Today, the US Senate grilled Facebook’s Chief Libracan about all things Libra.
David Marcus is actually the head of Facebook’s crypto wallet subsidiary, Calibra. He was offered up as a human sacrifice to the US Senate Banking Committee to lay out the Libra project.
Reports are he was able to walk out on his power.
Marcus had the polished demeanor of a patient who had a regular, weekly colonoscopy or a barbed wire enema just to keep his game sharp. At times, I detected a bit of the third-grade-geometry-teacher-helping-one-of-the-slow-kids tone in his voice. Guy was masterful at giving non-answer answers.
In general, the hearings started out as a hate fest with various Senators laying out the case against Facebook as a lazy protector of privacy whose motto is “Move Fast, Break Things.”
The fact that Facebook had just agreed to a $5,000,000,000 fine to the Federal Trade Commission (3-2 vote with the Republicans on the FTC controlling the outcome) for privacy mischief probably contributed to the generally angry-high-school-wrestling-coach reception of guys like Sherrod Brown, Democrat of Ohio.
“Like a toddler who has gotten his hands on a book of matches, Facebook has burned down the house over and over and called every arson a learning experience.”
Any key points, Big Red Car?
Yes, of course, dear reader. Dave Marcus scored some points on the education front:
1. You’re really not doing business with Facebook cause they have this nifty Libra Association of 28 members of which Facebook is just going to be “one of the bros.”
OK, so the Libra Association’s charter hasn’t been finalized yet and, sure, all the association members have some dog in this fight, but come on, man.
2. Sure, Facebook has 2,000,000,000 users, but they’re really just a bunch of great guys who want to help the world while following all the rules. Wink. Wink.
If you have 2B users, you only have to get a small percentage of them drinking the KoolAid to make it work.
3. Libra will be headquartered in Switzerland NOT because they have incredible bank secrecy laws, but because Libra is …ahhh… a big idea and needs a global platform to hold an idea that big.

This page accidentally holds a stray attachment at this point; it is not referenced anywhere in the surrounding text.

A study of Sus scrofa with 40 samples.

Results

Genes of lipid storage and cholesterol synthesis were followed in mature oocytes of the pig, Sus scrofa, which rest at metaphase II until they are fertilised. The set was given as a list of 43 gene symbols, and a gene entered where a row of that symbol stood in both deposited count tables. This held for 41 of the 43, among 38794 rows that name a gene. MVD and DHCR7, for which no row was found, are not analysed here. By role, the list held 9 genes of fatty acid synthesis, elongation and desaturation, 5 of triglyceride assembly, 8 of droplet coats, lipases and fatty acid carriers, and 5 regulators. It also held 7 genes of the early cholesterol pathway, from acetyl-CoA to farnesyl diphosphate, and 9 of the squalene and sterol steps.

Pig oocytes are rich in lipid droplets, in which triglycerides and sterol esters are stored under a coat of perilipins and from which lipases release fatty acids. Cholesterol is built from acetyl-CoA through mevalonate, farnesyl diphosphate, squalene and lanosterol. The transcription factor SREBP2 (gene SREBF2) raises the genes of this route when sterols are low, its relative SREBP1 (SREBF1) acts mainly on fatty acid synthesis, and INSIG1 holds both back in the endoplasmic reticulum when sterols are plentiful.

Did I mention that Libra — when they get their Libra Association charter figured out — is going to be transparent AF. Uber transparent. In Switzerland, the home of banking transparency.
4. You will want to hold your Libra cryptocurrency in a secure and safe place like a wallet. To make that possible, Facebook has conveniently created Calibra — a wholly owned Facebook subsidiary to hold your Libra.
But, remember, Facebook is just one of the boys and has no control over the Libra Association. Keep saying that like a yoga mantra.
5. When asked why Facebook and its 2,000,000,000 users would want to create a global currency in the first place, Marcus essentially whispered, “Because we can? And if we don’t do this, some other giant tech company with privacy issues will. So, why not Facebook?”
6. Small/big point on the subject of interoperability — playing nice with other systems in the crypto world. Maybe not. So, the idea of this being a decentralized, hands off system? Not too much.
In the end, it gets down to this — since we can trust Facebook to respect and protect our digital privacy, what could possibly go wrong turning the global money supply and banking system over to them? What?
Regulation, Big Red Car?
The cryptocurrency world has always begged for clear regulation. Something tells me, they are going to have a full stocking well before Christmas.
The problem is that the Chairman of the Federal Reserve, the Secretary of the Treasury, and the President of the United States have publicly expressed dismay at the nature of the crypto economy. Throw in the US Securities and Exchange Commission, and the Internal Revenue Service and you have enough concerned persons to organize a couple bridge games.
The suggestion that Facebook/Libra needs to obtain a commercial bank charter and to be ready for bank-type regulation is a little frightening.